Pleasant T. Rowland was frustrated. Shopping for a gift for a niece, she was dismayed by the neon frenzy and hype of Barbie dolls and Cabbage Patch Kids. In 1986, Rowland, a former schoolteacher and TV reporter, fought back. She founded the Pleasant Company in Middleton, Wisconsin, to produce a line of historical novels and wholesome dolls for girls ages 7-11. Rowland aimed to inspire girls and to help prolong their golden period of innocent adventuring before periods of a different sort wrest it away.

Pleasant Company began through direct-mail marketing. The line grew and grew. The empire’s mission may be “to educate and entertain girls with high-quality products and experiences that reinforce positive social and moral values.” But possibly the most important quality a girl can have is access to Grandma’s Visa card.

The current 114-page catalog offers more than 30 different dolls, the standard models selling for a piggy-bank-busting $82. And with multiple outfits per doll to choose from, a girl can just go on learning and learning.

Girls are hooked by the relatively inexpensive books, carried in public libraries and schools. The $5.95 books feature one of six historical “heroines,” each with her own doll, set of books, outfits (Samantha’s Lacy Pinafore Dress and Rosebud Circlet, $22), home accessories (Addy’s Ironstone Compote Set, $50), pets (Molly’s Playful Pup, $18), scenery (Kirsten’s Scenes & Settings, including Powderkeg School, $48), and matching real-girl clothing for her owner (Josefina’s Riding Dress, $68; Straw Hat, $35). Harried parents seeking to streamline their educational purchasing can order a “complete collection” for a given character–Felicity’s ensemble runs $995 ($80 for gift wrap).

The company has grown to include a series of advice books, theme weekends at historical sites, and a television pilot awaiting broadcast. It also publishes American Girl magazine ($19.95 for six issues). Impressively shying away from crude materialism, the periodical accepts no advertising, depending instead on a subscription base of 700,000. And now, just a skip from the big-girl mecca of Michigan Avenue, Pleasant Company is opening the American Girl Place at 111 E. Chicago, a combination retail showplace, fancy eats cafe, live musical theater, and educational exhibit hall.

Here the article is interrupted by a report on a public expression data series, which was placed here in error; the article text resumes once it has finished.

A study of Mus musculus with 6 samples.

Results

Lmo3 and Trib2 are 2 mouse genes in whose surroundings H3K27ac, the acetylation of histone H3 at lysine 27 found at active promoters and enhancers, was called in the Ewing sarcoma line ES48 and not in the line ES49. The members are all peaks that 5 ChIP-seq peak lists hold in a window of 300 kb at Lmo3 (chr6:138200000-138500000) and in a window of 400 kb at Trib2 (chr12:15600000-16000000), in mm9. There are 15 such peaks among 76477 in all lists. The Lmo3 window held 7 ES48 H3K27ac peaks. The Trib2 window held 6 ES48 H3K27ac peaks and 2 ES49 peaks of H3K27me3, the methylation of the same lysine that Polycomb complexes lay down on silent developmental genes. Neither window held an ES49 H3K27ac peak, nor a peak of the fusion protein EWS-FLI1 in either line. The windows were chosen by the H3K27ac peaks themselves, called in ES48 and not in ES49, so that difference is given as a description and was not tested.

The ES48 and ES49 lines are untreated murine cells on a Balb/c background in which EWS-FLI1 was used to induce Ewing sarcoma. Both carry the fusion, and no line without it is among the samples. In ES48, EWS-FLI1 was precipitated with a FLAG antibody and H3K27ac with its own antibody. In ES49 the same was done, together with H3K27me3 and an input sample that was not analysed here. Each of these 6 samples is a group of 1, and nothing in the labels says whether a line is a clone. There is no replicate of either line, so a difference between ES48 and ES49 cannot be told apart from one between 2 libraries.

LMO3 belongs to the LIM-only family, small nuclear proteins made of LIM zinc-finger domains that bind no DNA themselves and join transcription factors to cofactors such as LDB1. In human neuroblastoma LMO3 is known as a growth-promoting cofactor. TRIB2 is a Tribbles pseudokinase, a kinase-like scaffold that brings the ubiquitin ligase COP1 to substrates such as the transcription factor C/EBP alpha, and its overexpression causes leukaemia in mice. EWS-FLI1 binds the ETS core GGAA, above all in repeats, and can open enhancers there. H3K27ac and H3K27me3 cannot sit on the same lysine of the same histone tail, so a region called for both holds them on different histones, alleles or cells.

Psychologist Abraham Maslow proposed that behavior is determined by a hierarchy of needs, beginning early in life with basic biological needs and ascending to more complex psychological motivations. American Girl Place, with statements gleaned from a fancy new press kit, eerily demonstrates how the Pleasant Company can satisfy every girl’s needs, from food to fun. Indeed, through the company Pleasant T. Rowland herself may have achieved self-actualization: in June she sold the company to Barbie’s mommy, Mattel, for $700 million.



Self-actualization needs: to find self-fulfillment and realize one’s potential

Aesthetic needs: symmetry, order, and beauty

Cognitive needs: to know, understand, and explore

Esteem needs: to achieve, be competent, and gain approval and recognition

Belongingness and love needs: to affiliate with others, be accepted, and belong

Safety needs: to feel secure and safe, out of danger

Physiological needs: hunger, thirst, and so forth


“We give girls chocolate cake with vitamins. Our books are exciting, our magazine is fun, and the dolls and accessories are pretty. But more importantly, they give young girls a sense of self and an understanding of where they came from and who they are today.”

“At last, the American Girls Collection in its entirety is on display in a beautiful boutique showcasing all of the American Girls and their lovely period clothing, furniture, and accessories.”

“A historical exhibit at American Girl Place brings the long-ago worlds of all six characters from the American Girls Collection to life. Corners of their homes have been authentically re-created, allowing girls to imagine themselves in Felicity’s colonial parlor, Josefina’s adobe sala, Kirsten’s log cabin, Addy’s humble garret, Samantha’s elegant parlor, and Molly’s World War Two living room.”

“Girls can . . . visit a photo studio to get their picture on the cover of a souvenir issue of American Girl magazine–a personalized memento of a special day at American Girl Place.”

“The musical is set at a meeting of a modern-day American Girls Club–a real grassroots phenomenon that takes place in neighborhoods across the country every day.”

“In an era when girls are often pressured to mature too quickly, American Girl Place will appeal to parents who seek quality, age-appropriate products and experiences for their daughters. Like the American Girl books, toys, and clothing, American Girl Place is designed for the interests of girls seven and up. In protecting and celebrating this critical stage of girlhood, American Girl fervently urges parents to plan a visit to American Girl Place.”

“Upstairs, girls and their guests can enjoy lunch, tea, or dinner . . . in the Cafe. Starched white linens, sparkling silverware, and a bright, fresh, contemporary decor are the setting for fanciful food like chocolate flowerpot pudding, Cinna-minis, and A.G. punch.”

Art accompanying story in printed newspaper (not available in this archive): uncredited dolls photo.